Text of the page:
1st World War Sapper
Since becoming National Trust members, my wife and I have wanted to take full advantage of the array of properties on offer with them. We have pretty much set ourselves the target of visiting all of the places that are within a few hours drive from us, here in Northamptonshire.
Whilst flicking through the pages of the National Trust handbook, which we received on becoming members, I spotted a few locations in the Cotswolds. I absolutely love this part of the world.
Rolling hills, stunning scenery, tranquil rivers and streams and nice quiet roads. In particular, my eye was caught by a certain Roman Villa. Having searched for the best National Trust days out, Snow hill Manor came up….in the Cotswolds!
It was a sign, we must go!
Upon arrival, the car park was attended, although a touch small. We got to the entrance and queued to get in. We were handed a card with a time slot to visit the House. Just outside the ticket office a toilet awaits which is great for the little ones after a long ish journey.
We stopped at the café for a quick refreshment before heading down to the Manor.
A large cart ferries people back and fourth if you fancy an easier day or are disabled. If you struggle with walking long distances, this will be ideal for you. We strolled on.
Half way down – we were glad we had walked. We came across a Hazel run. Low Hazel hurdles which form walk ways and dens in the woodland just off the beaten track. My daughter Eliza absolutely loved it. Such fun running around it and discovering what was hidden at the end. In a clearing a large tree stump had been carved into a seat for little ones and personally, I think that anything that helps children use their imagination Is brilliant.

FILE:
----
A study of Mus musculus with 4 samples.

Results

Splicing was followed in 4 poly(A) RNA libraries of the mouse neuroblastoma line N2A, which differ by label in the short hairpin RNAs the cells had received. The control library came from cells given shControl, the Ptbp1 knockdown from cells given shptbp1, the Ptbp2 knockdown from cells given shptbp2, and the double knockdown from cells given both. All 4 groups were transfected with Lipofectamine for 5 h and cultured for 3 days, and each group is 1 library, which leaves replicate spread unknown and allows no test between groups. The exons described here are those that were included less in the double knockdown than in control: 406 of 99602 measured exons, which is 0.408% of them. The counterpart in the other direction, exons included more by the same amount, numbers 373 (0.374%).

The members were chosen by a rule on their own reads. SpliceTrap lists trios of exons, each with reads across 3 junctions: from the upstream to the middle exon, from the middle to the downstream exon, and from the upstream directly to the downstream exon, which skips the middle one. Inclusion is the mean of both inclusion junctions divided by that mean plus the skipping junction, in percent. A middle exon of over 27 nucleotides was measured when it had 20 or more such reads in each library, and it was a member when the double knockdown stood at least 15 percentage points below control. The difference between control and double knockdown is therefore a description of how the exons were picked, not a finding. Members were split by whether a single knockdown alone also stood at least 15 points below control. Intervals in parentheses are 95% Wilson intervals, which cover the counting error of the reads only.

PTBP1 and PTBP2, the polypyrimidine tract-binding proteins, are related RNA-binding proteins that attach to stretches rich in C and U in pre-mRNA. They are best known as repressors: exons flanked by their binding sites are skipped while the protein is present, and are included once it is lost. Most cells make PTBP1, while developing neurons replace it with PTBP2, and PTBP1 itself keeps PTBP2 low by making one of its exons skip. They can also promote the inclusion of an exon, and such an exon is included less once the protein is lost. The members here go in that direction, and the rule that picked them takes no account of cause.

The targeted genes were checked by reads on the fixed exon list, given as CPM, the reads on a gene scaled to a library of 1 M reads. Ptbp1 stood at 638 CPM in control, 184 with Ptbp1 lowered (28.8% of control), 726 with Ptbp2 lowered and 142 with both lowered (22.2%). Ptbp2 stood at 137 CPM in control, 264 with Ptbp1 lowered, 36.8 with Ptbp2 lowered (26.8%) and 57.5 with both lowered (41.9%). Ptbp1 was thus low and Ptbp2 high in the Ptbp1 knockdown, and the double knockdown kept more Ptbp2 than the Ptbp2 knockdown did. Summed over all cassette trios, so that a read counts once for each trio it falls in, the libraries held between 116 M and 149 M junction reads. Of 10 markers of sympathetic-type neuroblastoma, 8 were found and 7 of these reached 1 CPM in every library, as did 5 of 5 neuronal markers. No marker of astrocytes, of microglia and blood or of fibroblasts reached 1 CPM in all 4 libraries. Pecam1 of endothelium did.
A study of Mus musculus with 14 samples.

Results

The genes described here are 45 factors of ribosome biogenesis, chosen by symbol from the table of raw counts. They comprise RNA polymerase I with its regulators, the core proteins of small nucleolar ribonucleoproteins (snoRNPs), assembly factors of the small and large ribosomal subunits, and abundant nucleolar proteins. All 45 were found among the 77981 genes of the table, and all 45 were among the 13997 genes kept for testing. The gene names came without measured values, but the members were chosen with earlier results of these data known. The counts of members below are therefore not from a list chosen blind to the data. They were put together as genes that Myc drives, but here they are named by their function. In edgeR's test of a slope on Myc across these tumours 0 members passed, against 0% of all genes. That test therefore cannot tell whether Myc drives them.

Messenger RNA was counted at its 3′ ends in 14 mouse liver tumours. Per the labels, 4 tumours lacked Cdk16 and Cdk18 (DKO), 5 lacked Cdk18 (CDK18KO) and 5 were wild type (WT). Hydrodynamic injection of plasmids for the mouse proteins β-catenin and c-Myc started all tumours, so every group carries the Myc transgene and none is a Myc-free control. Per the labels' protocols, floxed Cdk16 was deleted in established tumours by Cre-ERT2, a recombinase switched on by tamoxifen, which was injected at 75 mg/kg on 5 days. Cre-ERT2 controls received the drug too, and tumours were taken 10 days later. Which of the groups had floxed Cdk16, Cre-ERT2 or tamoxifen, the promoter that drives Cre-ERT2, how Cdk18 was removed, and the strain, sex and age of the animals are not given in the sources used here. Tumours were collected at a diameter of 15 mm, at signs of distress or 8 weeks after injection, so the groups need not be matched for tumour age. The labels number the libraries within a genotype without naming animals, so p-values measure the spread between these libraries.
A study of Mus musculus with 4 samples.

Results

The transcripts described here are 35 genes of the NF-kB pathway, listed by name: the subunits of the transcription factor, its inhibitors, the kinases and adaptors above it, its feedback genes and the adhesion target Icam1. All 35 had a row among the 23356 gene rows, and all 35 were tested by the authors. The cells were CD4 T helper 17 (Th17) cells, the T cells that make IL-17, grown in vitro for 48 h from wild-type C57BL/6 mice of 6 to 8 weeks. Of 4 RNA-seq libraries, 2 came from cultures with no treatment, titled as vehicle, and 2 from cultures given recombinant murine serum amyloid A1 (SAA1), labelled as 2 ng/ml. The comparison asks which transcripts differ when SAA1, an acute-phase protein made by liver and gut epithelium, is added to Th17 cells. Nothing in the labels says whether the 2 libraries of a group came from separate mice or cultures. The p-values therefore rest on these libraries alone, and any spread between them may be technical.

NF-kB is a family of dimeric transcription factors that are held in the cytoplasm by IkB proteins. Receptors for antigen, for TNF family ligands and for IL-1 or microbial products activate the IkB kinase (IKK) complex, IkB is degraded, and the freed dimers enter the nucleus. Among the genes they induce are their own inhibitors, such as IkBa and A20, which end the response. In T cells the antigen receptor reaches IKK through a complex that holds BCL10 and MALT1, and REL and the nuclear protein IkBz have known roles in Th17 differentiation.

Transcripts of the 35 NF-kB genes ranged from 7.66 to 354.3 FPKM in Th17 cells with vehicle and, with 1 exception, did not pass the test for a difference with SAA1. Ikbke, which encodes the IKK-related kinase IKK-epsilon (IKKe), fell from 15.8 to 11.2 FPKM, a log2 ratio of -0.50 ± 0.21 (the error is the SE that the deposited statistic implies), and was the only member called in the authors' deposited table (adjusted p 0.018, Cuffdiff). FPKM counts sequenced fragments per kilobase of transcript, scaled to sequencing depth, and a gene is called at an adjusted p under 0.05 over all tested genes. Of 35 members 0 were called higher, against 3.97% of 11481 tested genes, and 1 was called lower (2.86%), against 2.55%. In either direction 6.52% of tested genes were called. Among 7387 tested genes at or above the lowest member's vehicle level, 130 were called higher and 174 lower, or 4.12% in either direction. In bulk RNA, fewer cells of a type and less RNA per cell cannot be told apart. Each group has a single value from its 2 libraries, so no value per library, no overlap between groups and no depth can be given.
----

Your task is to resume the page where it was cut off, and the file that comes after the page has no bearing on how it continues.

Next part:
Do you remember walking into somewhere that brings the magic of imagination alive? Little dens and walkways make this a brilliant stop on the way down to the Manor house.
Soon, we came to a sign board with illustrations of all of the wildlife you may expect to see in and around the Manor. We played a game to see who could see the most animals and insects from that board.
Basically the Manor was never lived in by the former owner Charles Wade, instead he bought it in 1919 literally to keep his odd collection safe inside. Instead he resided in a lovely, cosy barn just opposite the manor. You can look all around where he ate, slept and lived. Brilliant!
The gardens around the Manor house are beautiful. A miniature harbour, monuments and outbuildings can all be seen and investigated. Lots to look at including a dovecote?
Our time had come to visit the house. His collection has been called “ODD” but to be honest I didn’t agree. It looked like the possessions of an adventurer. Charles liked colourful, out of fashion items and collected them.
Then I am a little odd!! LOL
Toys & Games
and lots more
Having spent a good few hours here we made our way to a Roman Villa also in the Cotswolds. Read about that later!
A fantastic day out and well worth a visit.
What the kids thought..
Eliza (Aged 4) – I liked the place that went round and round. With the things! (She means the Hazel walk)
George (Aged 12) – Being able to see where he actually lived and how it would have looked! (Actually quite a grown up answer from him!)